Sieg Heil, Kemosabe!
I LIKE TO START OFF MY DAY IN SLOW MOTION. I do not want or need to be jarred into actual thought before I have had my coffee. Before that first influx of caffeine into my system I am not capable of digesting information or spatial-temporal incongruities.
That is why I am in recovery today after a surprise challenge to my cranial lobes the other day.
One of my early, early, early morning rituals is to slowly crawl into consciousness with the TV lighting the way as I try to figure out how socks work. My heart is beating sporadically and my brain is clicking away at an invertebrate level. I don’t need surprises.
I was sitting on the edge of the bed planning my next breath. I had the TV tuned to The Cowboy Channel. I love the sound of The Lone Ranger in the morning. It sounds like cheap victory.
That particular episode was entitled “The Brown Pony” for some reason I couldn’t determine. This was one of those 54 episodes where an actor named John Hart played the Lone Ranger. Clayton Moore, the Real Lone Ranger, was in a salary dispute with the producers and refused to don the mask again until they ponied up with some bigger paychecks. Tonto (Played by “Jay Silverheels” – real name Harold Smith.) was still on the job, but he didn’t look too happy about it all. Of course, he never looked too happy. He did all of the dirty work. The Ranger never soiled his powder blue ensemble.
Playing the main Bad Guy in this episode was a young Lee Van Cleef who went on to a long career being the villain in countless motion pictures. His fame peaked when he was a vile heavy-duty scumbag in Clint Eastwood’s Spaghetti Westerns.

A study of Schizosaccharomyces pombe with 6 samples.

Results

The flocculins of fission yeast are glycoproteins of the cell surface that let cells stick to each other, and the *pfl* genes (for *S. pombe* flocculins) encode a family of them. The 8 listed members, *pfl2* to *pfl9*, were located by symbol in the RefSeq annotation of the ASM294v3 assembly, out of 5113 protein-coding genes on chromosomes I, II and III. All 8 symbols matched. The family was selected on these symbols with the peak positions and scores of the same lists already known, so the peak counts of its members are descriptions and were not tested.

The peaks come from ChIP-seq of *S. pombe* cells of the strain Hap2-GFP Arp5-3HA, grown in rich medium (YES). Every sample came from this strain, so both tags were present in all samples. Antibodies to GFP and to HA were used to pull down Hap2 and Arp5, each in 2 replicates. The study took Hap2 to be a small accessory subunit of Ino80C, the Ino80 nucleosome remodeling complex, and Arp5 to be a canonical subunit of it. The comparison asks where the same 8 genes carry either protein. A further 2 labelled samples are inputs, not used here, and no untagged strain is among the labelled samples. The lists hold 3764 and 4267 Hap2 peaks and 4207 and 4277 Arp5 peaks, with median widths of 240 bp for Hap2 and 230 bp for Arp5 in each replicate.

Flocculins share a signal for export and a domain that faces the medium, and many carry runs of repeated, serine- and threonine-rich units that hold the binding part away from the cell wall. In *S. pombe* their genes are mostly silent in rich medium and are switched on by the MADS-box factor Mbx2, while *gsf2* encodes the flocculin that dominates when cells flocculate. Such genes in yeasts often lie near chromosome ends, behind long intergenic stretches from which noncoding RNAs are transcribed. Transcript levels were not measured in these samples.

In this Lone Ranger saga Lee and an unknown bit player were two escapees from the “Territorial Prison” riding their horses at top speed onto The Lone Ranger soundstage in Los Angeles.
At about a minute and thirty minutes seconds into the script, Lee Van Cleef and his henchman stopped to make camp and to catch a few Zs. That was the point in this little Morality Play when I just about slipped off the edge of the bed.
The two Bad Guys dismounted and took their blankets off of their saddles. When Lee unfurled his blanket what do my fuzzy eyeballs see on one side of his blanket but an array of large SWASTIKAS.
“What the heck…?” I said that out loud. I knew that Lee Van Cleef was the villain, but a Nazi??? A Nazi in 1870??? A Nazi in the Old West???
Lee quickly turned over his blanket and that was it for the Swastikas.
I know that the Swastika was an ancient symbol used in various cultures, but this show was filmed in 1951 and at that point in World History the Swastika meant only one thing – and it wasn’t The Lone Ranger Show.
I have included the You Tube link at the end of this posting so that you can see what I saw and that I’m not just blowing smoke up your tutu.
Later, after coffee and a bagel, I did a little research and discovered that I wasn’t the first person to spot this anachronistic boo-boo. One viewer did some actual digging and learned that when this episode was being filmed there was a World War II drama being filmed on the soundstage next door. Lee Van Cleef
was short a blanket and an Intern was sent to fetch a blanket from the neighbors. Lee was told to make sure that the Swastikas stayed hidden. He blew it. He waved his new blanket with the Swastikas clearly visible.
According to TV legend the director, rather than yell “Cut!” figured that nobody over the age of eight was going to watch the show anyway and they wouldn’t notice the Swastika blanket. Close to seventy years later “The Brown Pony” is being aired again and this time the audience is a bit older than eight.
I know that the blanket was a harmless faux pas, but it sure did wake me up. I only wonder what else I might spot while watching from the edge of the bed?